On June 10, 2020, the US Court of Appeals for the Ninth Circuit affirmed the dismissal of a putative securities fraud class action against Endologix, Inc., a medical device company, on the grounds that the shareholder’s core theory of liability had “no basis in logic or common experience.” In that case, Nguyen v. Endologix, Inc.,1 the plaintiff alleged that Endologix and certain of its executives misled investors about whether the Food and Drug Administration (FDA) would approve the company’s new aneurysm sealing product, Nellix. The Ninth Circuit held that the shareholder’s complaint, for all its “girth,” lacked “a critical ingredient under the Private Securities Litigation Reform Act (PSLRA): allegations that state with particularity facts giving rise to a strong inference” that the defendant acted with scienter—namely, that the defendants made false or misleading statements either intentionally or with deliberate recklessness.
The shareholder initiated the action in January 2017, alleging that Endologix informed investors it was on track to receive FDA approval for Nellix by early 2017, only to disclose in late 2016 that the FDA required another two years of testing. The plaintiff alleged that this news caused Endologix’s share price to plummet by more than 20 percent. In an amended complaint, the shareholder added the allegation that in May 2017, Endologix informed investors it would not seek FDA approval for the first generation Nellix device, which allegedly caused the company’s share price to drop another 36 percent. In September 2018, the US District Court for the Central District of California dismissed the action for failure to plead scienter. The shareholder appealed to the Ninth Circuit. After reviewing the plaintiff’s allegations de novo, the Ninth Circuit affirmed the district court’s dismissal of the action.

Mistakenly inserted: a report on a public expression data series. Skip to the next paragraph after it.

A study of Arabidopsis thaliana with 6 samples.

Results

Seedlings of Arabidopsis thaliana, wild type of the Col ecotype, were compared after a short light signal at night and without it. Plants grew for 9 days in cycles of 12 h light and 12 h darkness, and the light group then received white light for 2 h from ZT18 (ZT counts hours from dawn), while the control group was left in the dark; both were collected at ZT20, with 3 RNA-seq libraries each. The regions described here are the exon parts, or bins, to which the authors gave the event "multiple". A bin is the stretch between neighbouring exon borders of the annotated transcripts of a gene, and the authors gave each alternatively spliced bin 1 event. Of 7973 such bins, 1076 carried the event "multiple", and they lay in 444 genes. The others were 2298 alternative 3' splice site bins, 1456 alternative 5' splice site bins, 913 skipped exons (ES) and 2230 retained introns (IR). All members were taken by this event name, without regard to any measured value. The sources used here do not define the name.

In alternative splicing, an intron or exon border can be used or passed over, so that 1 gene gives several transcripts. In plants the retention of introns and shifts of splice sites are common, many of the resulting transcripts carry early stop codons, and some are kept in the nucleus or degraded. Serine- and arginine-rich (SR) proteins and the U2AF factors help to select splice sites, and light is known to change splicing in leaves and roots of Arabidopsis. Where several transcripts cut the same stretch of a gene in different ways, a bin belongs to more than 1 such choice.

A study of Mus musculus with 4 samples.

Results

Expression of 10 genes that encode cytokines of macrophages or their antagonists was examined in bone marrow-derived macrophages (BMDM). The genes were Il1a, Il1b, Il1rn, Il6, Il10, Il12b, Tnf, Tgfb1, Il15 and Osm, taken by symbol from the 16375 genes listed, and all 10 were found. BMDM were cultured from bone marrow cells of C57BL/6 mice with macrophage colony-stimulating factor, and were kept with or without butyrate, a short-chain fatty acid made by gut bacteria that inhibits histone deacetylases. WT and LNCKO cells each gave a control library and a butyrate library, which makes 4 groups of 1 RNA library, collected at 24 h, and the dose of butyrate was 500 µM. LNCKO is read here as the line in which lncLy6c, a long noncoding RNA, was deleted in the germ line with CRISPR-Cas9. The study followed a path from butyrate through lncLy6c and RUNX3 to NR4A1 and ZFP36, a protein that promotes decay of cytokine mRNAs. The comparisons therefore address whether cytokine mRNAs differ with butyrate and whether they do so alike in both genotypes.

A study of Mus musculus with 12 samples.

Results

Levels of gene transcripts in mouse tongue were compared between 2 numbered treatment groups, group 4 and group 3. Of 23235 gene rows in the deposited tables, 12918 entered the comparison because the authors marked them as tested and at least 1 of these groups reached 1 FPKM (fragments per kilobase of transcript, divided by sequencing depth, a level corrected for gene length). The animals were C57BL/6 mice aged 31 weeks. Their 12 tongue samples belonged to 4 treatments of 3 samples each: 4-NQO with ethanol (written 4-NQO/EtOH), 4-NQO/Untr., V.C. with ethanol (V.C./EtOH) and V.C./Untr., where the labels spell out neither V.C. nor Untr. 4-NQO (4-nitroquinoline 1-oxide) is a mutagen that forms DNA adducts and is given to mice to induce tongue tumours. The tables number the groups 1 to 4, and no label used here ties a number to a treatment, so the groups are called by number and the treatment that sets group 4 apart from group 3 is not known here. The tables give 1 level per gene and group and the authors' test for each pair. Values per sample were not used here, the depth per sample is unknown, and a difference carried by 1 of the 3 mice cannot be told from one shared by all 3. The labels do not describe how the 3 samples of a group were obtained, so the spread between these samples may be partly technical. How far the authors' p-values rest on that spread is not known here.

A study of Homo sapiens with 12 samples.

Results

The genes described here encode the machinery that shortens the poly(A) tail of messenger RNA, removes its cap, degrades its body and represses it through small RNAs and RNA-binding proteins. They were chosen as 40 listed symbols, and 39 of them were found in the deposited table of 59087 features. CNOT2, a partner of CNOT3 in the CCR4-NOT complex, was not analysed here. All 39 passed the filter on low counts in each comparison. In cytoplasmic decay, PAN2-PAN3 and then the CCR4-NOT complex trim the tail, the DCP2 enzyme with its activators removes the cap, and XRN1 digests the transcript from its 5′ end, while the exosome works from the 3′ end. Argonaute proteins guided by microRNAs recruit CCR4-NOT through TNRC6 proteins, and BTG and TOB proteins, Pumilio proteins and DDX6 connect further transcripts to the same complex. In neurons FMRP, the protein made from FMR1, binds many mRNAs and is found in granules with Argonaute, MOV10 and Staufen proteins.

The Ninth Circuit’s Holding
The central premise of the plaintiff’s securities fraud theory was that the company invested in a US clinical trial and made promising statements about FDA approval yet knew from its experience in Europe that the FDA would eventually reject the product. The Ninth Circuit observed that these allegations “encounter an immediate first-level problem: why would defendants promise the market the FDA would approve Nellix if defendants knew the FDA would eventually figure out that Nellix could not be approved due to ‘intractable’ and ‘unresolvable’ device migration problems?” “The theory does not make a whole lot of sense,” the Ninth Circuit explained, because “[i]t depends on the supposition that defendants would rather keep the stock price high for a time and then face the inevitable fallout once Nellix’s ‘unsolvable’ migration problem was revealed.”
The Ninth Circuit stated that the plaintiff’s theory may have had “more legs” if the defendants had sought to profit from the scheme in the interim, such as by selling company stock. But the plaintiff did not proffer any such factual allegations. Rather, the plaintiff asked the court to accept the untenable theory that the defendants had promised FDA approval for a medical device application that they knew would not be approved and misled the market until the defendants could no longer avoid the inevitable. The Ninth Circuit refused to accept the plaintiff’s theory and instead concluded that the shareholder’s allegations did not “resonate in common experience.”
Although the Ninth Circuit recognized that “[p]lausibility” is more commonly associated with base-level, non-fraud pleading standards, the court emphasized that “plausibility is no less relevant in the context of the heightened pleading standards of … the PSLRA.” The Ninth Circuit thus found that the notion that a company would promise FDA approval that it knew would not materialize did not, without more, create a strong inference of intent to deceive or deliberate recklessness.
Implications of the Ninth Circuit’s Holding
Beyond making it more challenging for shareholders to assert viable claims against companies whose products depend on FDA approval, on the tenuous theory that they had reason to know approval was not likely to be forthcoming, the Ninth Circuit’s opinion more broadly reinforces that, in a putative securities fraud class action, “[a]llegations that are implausible do not create a strong inference of scienter.”